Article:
With Bernie Madoff’s Ponzi scheme foremost in many investors’ minds, how can you tell whether an investment pitch is a scam? Keeping Bernie Madoff’s Ponzi scheme in your mind minds. “It pays to remember that if an investment opportunity sounds too good to be true, it usually is.” Here are 10 tell-all questions to consider:
1. Does it promise “low risk and high gain?”
“There is no such thing as a free lunch.” It’s a fundamental fact or basic of investing that the higher the potential return, the greater the risk and that you may never see that return. Do not fall for investments that promise spectacular profits or “guaranteed” returns.
2. If you don’t act now will it be too late?
Why will it be too late? Any legitimate investment will be there tomorrow, and next week, and next year. Never be pressured into investing in something because tomorrow might be too late. Even if it turns out that the stock doubles tomorrow, you should feel better knowing that you were cautious and responsible with your money.
3. Does the investment tip claim to predict the future?
“It will double in three months.” Oh, yeah? And where did your broker buy his or her crystal ball? Not only is this a ridiculous promise for a broker to make, it’s illegal. Go aheaed and report this infraction to his or her sales manager. And if the matter doesn’t get satisfactory attention from a supervisor, contact the Financial Industry Regulatory Agency (FINRA).
4. Do you know the background of the salesperson and his/her employer?
Any individual selling securities to the public must pass a background check, a series of examinations, and be registered with FINRA. Likewise, their employers must also be known to FINRA and the SEC. If you would like to check up on the background of your broker or brokerage firm, use FINRA’s BrokerCheck page. But remember, even if they don’t have any complaints against them, it doesn’t necessarily mean they can be trusted. You could be “Scamee No. 1.”
5. Does it “guarantee” anything?
It is impossible to guarantee the performance of any investment, but if your broker is doing so he could get tossed out of the industry.
6. If you incur any losses has the salesperson offered to reimburse you for any losses you might incur?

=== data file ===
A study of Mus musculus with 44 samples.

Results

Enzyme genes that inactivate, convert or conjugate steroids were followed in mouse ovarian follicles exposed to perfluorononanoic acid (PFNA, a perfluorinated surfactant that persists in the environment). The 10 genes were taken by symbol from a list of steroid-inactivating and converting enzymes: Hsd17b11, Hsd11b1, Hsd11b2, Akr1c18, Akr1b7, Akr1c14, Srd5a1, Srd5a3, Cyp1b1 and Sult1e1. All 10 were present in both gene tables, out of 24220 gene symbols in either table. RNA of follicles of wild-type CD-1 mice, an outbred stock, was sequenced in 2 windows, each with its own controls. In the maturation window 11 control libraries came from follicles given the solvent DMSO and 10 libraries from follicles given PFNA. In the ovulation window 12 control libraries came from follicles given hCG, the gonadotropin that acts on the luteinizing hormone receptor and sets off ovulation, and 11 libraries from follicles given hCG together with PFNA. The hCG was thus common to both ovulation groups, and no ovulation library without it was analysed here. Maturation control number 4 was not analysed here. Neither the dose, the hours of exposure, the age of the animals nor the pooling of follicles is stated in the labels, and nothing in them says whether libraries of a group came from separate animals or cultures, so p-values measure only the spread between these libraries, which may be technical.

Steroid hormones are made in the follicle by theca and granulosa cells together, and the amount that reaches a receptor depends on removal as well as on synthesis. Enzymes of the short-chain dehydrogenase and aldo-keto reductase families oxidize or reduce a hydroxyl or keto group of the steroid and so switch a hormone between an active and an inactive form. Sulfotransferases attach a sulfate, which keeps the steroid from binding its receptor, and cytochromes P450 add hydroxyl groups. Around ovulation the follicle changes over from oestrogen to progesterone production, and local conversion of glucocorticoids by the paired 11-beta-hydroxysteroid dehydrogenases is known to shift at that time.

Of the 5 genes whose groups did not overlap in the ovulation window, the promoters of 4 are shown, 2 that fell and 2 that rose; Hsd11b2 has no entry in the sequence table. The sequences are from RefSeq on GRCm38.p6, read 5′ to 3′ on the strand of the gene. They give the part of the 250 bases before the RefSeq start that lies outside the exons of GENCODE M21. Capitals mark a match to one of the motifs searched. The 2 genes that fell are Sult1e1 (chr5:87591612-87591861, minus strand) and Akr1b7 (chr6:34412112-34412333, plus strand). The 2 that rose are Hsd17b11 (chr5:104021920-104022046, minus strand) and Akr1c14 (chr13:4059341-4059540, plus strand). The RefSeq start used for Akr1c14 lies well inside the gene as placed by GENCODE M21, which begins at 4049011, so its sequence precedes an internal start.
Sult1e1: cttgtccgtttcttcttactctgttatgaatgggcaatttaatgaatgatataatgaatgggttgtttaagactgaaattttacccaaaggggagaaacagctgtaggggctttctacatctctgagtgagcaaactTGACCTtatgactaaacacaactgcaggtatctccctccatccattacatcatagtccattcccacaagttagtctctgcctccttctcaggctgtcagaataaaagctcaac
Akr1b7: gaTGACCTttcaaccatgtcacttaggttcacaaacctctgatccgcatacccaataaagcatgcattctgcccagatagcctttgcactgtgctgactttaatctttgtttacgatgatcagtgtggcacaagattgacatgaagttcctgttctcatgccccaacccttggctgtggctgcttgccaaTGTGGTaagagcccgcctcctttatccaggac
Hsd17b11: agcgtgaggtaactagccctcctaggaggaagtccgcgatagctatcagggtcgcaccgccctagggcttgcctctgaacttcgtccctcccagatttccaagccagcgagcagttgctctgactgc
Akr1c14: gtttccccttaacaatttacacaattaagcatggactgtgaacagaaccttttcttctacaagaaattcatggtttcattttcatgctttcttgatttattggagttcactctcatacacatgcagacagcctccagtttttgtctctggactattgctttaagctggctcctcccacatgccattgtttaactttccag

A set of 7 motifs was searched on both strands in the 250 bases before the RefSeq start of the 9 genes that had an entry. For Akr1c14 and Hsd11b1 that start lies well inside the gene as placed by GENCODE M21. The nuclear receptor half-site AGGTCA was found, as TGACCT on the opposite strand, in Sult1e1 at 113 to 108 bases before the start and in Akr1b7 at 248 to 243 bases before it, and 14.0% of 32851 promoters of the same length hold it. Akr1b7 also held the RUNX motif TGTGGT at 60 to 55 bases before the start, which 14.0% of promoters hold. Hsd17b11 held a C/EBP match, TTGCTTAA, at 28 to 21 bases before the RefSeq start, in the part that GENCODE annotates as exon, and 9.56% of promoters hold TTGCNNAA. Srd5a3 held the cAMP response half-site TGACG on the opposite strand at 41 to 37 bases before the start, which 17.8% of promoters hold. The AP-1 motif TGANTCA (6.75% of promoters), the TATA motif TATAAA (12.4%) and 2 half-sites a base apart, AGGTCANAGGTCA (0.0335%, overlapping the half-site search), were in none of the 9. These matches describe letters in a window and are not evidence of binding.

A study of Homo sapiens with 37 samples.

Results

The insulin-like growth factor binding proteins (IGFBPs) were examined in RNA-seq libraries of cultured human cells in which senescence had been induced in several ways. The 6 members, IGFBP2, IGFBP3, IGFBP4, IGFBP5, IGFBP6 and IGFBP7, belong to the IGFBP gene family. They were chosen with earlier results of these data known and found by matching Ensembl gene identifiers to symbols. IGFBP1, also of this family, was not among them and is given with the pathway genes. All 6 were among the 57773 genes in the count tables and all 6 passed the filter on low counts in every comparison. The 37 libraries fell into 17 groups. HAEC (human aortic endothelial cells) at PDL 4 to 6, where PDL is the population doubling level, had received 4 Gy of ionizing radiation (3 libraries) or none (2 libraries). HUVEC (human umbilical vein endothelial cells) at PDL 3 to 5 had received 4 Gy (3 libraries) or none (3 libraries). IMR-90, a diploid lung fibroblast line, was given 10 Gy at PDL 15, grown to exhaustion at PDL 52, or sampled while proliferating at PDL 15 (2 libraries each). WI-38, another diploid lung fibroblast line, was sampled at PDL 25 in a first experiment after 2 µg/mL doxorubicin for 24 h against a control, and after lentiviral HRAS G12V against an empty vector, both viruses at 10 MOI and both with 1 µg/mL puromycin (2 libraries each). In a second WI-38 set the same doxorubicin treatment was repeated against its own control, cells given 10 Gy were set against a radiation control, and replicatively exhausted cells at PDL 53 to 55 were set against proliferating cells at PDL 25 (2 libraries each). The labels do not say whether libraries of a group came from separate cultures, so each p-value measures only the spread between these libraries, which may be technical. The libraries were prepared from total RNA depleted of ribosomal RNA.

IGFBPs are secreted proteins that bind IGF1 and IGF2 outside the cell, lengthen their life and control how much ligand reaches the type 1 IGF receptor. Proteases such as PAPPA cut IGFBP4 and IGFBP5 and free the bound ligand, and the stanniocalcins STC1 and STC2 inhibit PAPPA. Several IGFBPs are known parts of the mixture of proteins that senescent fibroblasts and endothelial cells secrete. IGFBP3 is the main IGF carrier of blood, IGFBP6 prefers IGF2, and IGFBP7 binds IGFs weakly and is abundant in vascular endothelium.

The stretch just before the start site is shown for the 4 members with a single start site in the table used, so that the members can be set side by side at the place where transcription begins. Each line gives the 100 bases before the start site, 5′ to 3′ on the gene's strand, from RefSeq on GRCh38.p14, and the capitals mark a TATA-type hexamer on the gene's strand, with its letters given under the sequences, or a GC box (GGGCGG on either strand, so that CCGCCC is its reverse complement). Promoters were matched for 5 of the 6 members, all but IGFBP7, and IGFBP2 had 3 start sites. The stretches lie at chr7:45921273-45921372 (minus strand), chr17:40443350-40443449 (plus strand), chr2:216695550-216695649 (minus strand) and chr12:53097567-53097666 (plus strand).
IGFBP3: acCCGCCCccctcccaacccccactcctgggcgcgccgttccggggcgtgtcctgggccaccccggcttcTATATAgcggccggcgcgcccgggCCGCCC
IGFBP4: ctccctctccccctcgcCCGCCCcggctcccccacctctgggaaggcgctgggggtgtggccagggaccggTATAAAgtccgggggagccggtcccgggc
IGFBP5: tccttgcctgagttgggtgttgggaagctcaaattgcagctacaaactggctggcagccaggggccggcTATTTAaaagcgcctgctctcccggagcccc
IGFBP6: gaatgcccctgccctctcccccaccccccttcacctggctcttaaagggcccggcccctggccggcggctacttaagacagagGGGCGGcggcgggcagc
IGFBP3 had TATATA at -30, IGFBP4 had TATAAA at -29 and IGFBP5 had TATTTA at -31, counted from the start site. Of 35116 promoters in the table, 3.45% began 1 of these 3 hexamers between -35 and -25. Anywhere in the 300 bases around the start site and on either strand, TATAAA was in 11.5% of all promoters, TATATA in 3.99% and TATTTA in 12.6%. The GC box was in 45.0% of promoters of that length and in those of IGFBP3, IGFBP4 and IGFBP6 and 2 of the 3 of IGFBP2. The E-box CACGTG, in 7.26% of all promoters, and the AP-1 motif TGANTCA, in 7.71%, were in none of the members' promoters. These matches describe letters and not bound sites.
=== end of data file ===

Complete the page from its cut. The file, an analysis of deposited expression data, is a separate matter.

One more no-no that your broker isn’t supposed to and can’t promise you. This one can get him or her booted, too.
7. Does your broker say that you are you one of the “lucky few who have been chosen” to invest in XYZ company?
While this may make you feel special, don’t fall for it. You probaly just happen to be one of the lucky few who answered the phone.
8. Does the salesperson claim that he or she has also personally invested in the company?
What difference does it make to you whether he or she made a bad investment? Do you trust the salesperson to call you if and when the investment goes sour? And will he or she get out first?
9. Is the salesperson unwilling to supply financial statements or a prospectus?
If a new company is just going public (an IPO, which stands for initial public offering), you must be given a prospectus. It is long and written in legalese and printed on very thin paper that you can barely read. Read it anyway. Especially the part called “Risks to Investors.” If the company in question has been around awhile, ask to see the financial statements for the past two years.
10. Does the salesperson claim that it is “a hot inside tip?”
This is particularly important to pay attention to — not because it might make you rich, but because it could land you in jail. It is illegal to pass on or act on material that is inside information. Anyone telling you otherwise is a liar.
These scams exploit the trust and friendship that exist in groups of people who have something in common. Because of the tight-knit structure of many groups, it can be difficult for regulators or law enforcement officials to detect an affinity scam. Victims often fail to notify authorities or pursue their legal remedies, and instead try to work things out within the group. This is particularly true where the fraudsters have used respected community or religious leaders to convince others to join the investment.